He explained that this act allows the foreign businesses to dominate important sectors of the economy, such as telecommunications, banking and finance, oil and gas and insurance, at the expense of indigenous ones.
This also makes foreign-owned firms take undue advantage of incentives meant for Ghanaian-owned businesses, thereby allowing them to gain an upper hand in the business environment.
“When foreign businesses come to Ghana, they know there are some incentives we give to Ghanaian-owned businesses from the government and the Ghana Investment Promotion Council, such as tax breaks and other services,” he added.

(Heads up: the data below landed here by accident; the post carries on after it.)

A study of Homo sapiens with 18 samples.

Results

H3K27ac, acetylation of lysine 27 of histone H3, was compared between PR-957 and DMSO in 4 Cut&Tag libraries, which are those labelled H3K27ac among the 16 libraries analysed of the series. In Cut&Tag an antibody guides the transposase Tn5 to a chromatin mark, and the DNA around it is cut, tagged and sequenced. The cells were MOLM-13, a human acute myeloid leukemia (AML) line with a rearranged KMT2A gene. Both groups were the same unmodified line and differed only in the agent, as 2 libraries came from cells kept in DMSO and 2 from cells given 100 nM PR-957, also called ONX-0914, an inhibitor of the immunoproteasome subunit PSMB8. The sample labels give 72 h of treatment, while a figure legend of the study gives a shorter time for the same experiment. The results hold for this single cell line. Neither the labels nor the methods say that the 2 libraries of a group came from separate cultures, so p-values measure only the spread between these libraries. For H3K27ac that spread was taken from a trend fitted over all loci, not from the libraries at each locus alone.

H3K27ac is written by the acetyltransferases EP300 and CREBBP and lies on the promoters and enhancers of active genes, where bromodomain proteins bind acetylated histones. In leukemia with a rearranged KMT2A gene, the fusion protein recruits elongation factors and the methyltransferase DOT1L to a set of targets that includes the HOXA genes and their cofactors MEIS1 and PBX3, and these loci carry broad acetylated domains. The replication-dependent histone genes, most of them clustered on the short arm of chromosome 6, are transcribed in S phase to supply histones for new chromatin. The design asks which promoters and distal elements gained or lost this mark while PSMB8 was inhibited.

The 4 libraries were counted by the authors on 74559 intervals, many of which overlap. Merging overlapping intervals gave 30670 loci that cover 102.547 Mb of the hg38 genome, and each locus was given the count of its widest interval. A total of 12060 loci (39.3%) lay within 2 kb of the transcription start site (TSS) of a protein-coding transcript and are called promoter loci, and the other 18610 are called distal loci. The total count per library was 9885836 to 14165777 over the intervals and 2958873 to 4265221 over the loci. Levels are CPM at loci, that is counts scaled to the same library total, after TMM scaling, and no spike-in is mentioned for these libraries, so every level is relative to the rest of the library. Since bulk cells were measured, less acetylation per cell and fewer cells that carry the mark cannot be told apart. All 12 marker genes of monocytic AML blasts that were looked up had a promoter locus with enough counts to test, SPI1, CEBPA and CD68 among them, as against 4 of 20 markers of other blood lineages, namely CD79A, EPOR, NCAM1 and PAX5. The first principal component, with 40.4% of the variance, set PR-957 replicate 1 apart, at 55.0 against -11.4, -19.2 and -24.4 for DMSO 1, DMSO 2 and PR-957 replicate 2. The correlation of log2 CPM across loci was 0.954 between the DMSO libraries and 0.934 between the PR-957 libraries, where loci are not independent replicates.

Speaking at the 59th Annual General Meeting (AGM) of the GEA, Dr Awal said: “Ghanaians must stop using their faces to bring in foreign businesses to register and operate, and after two years, hand over the businesses to the foreigners”.
“You must rather have a partnership with a foreigner so that you can get capital injection, expertise, discipline and know-how, and competence to build solid Ghanaian businesses that can last to create employment for the people,” he added.
Dr Awal explained that even though Ghana had benefitted from a lot of foreign aid, it had not helped much in the rapid growth of its economy.
He said out of the best 100 companies in Ghana, indigenous Ghanaian ownership was less than 20%, a situation he described as bad for the economy.
He indicated that even though the government encourages foreign direct investment (FDI) and private injection of capital, “that should not take away indigenous businesses”.